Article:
Last November, we published an alert about the qualified opportunity zone (QOZ) regime enacted as part of the December 2017 federal tax reform law. This exciting new tax law allows for (1) deferral until 2026 of capital gain, (2) elimination of up to 15 percent of the deferred capital gain and (3) no tax on appreciation for the investment of the deferred gain if the taxpayer holds the investment for at least 10 years. Our alert discussed the first round of proposed regulations, which provided enough guidance to start use of this new opportunity (pun intended), as demonstrated by the launch of countless qualified opportunity funds (QOFs). Unfortunately, key questions remained unanswered, and these ambiguities prevented many taxpayers from pulling the trigger. On April 17, the IRS issued its second round of proposed regulations that addressed many of these key issues. As with the prior guidance, these new proposed regulations maximize the ability of taxpayers to benefit from this new regime. (Standard attorney caveat: please keep in mind that this publication is only meant to highlight certain items discussed in the new proposed regulations. The opportunity zone regime is complicated with a lot of moving parts and you should consult your tax advisor to ensure compliance with these rules.)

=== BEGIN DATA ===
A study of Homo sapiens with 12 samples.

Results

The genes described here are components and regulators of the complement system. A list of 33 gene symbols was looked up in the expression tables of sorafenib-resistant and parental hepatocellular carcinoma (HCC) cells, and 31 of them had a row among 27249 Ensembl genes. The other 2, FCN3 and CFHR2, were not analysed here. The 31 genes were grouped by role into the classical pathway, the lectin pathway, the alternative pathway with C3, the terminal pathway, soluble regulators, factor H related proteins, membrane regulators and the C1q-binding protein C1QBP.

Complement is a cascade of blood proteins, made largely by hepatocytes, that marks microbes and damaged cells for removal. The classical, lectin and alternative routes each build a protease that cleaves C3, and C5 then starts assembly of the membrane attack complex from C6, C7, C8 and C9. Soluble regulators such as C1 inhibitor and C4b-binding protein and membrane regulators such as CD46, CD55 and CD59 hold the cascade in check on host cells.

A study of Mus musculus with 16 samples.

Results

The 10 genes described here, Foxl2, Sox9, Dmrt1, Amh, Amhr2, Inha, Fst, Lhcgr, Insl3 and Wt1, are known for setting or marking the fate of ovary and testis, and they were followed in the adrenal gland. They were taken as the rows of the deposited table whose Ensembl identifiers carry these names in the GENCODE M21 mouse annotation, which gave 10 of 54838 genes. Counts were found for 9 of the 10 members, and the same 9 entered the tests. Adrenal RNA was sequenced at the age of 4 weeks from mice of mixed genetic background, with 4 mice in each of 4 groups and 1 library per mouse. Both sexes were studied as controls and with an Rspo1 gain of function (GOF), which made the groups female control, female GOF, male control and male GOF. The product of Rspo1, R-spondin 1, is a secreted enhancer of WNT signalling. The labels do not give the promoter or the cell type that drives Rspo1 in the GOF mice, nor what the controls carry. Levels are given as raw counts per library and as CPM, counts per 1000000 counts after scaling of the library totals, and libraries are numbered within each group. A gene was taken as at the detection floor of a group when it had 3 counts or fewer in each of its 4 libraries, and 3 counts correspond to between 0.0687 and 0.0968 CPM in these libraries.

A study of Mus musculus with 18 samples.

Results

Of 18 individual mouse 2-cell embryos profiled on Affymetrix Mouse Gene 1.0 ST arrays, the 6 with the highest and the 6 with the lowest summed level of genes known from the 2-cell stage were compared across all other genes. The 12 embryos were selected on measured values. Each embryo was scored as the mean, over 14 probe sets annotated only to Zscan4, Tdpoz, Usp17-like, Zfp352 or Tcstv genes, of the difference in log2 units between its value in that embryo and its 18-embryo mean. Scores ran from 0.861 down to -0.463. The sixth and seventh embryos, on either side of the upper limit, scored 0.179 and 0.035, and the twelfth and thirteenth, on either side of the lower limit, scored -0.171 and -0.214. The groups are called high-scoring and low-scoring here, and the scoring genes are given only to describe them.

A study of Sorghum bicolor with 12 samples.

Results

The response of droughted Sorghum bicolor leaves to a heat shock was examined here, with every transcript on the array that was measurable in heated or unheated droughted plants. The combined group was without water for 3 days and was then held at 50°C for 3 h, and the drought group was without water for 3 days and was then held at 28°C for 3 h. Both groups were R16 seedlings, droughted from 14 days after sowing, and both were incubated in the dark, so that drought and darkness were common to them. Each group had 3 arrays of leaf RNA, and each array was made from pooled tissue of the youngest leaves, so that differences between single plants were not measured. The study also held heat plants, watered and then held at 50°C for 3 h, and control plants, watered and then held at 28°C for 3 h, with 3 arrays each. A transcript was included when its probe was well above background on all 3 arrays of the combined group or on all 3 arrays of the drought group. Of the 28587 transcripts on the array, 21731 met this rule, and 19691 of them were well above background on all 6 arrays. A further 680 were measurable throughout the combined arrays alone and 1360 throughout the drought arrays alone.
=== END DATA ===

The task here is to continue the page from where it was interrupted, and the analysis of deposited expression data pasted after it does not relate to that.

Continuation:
These rules will make it easier for businesses to use the new commercial space developed because of the QOZ regime.
Although the proposed regulations generally provide good news to taxpayers, there are some potential traps for the unwary. For example, it appears that a carried interest will not receive the no tax on appreciation benefit. (The original proposed regulations potentially opened the door for a taxpayer investing a nominal amount of capital gain in a QOF for a carried interest that qualified for the no tax on appreciation benefit. The IRS has shut this door.) Also, although gain invested in a QOF can be deferred until 2026, it is recognized earlier if the taxpayer sells or exchanges the investment in the QOF. The proposed regulations provide detailed rules about such income inclusion events, including that a gift of a QOF interest generally constitutes an income inclusion event, but a transfer upon death does not. Finally, the proposed regulations do not provide any guidance for reconciling the QOZ benefits and the special rules that apply to gains from the sale of a U.S. real property interest by foreigners (FIRPTA). As we noted in another prior alert, although it appears that the no tax on appreciation benefit can apply to a foreigner who invests in a QOF capital gains that the United States would not tax, procedural issues arise with respect to the withholding required for the future sale of the QOF interest or distribution of the flow-through gain. The proposed regulations do not address this.
The QOZ regime provides substantial benefits. If you would like to know more about it, please contact us.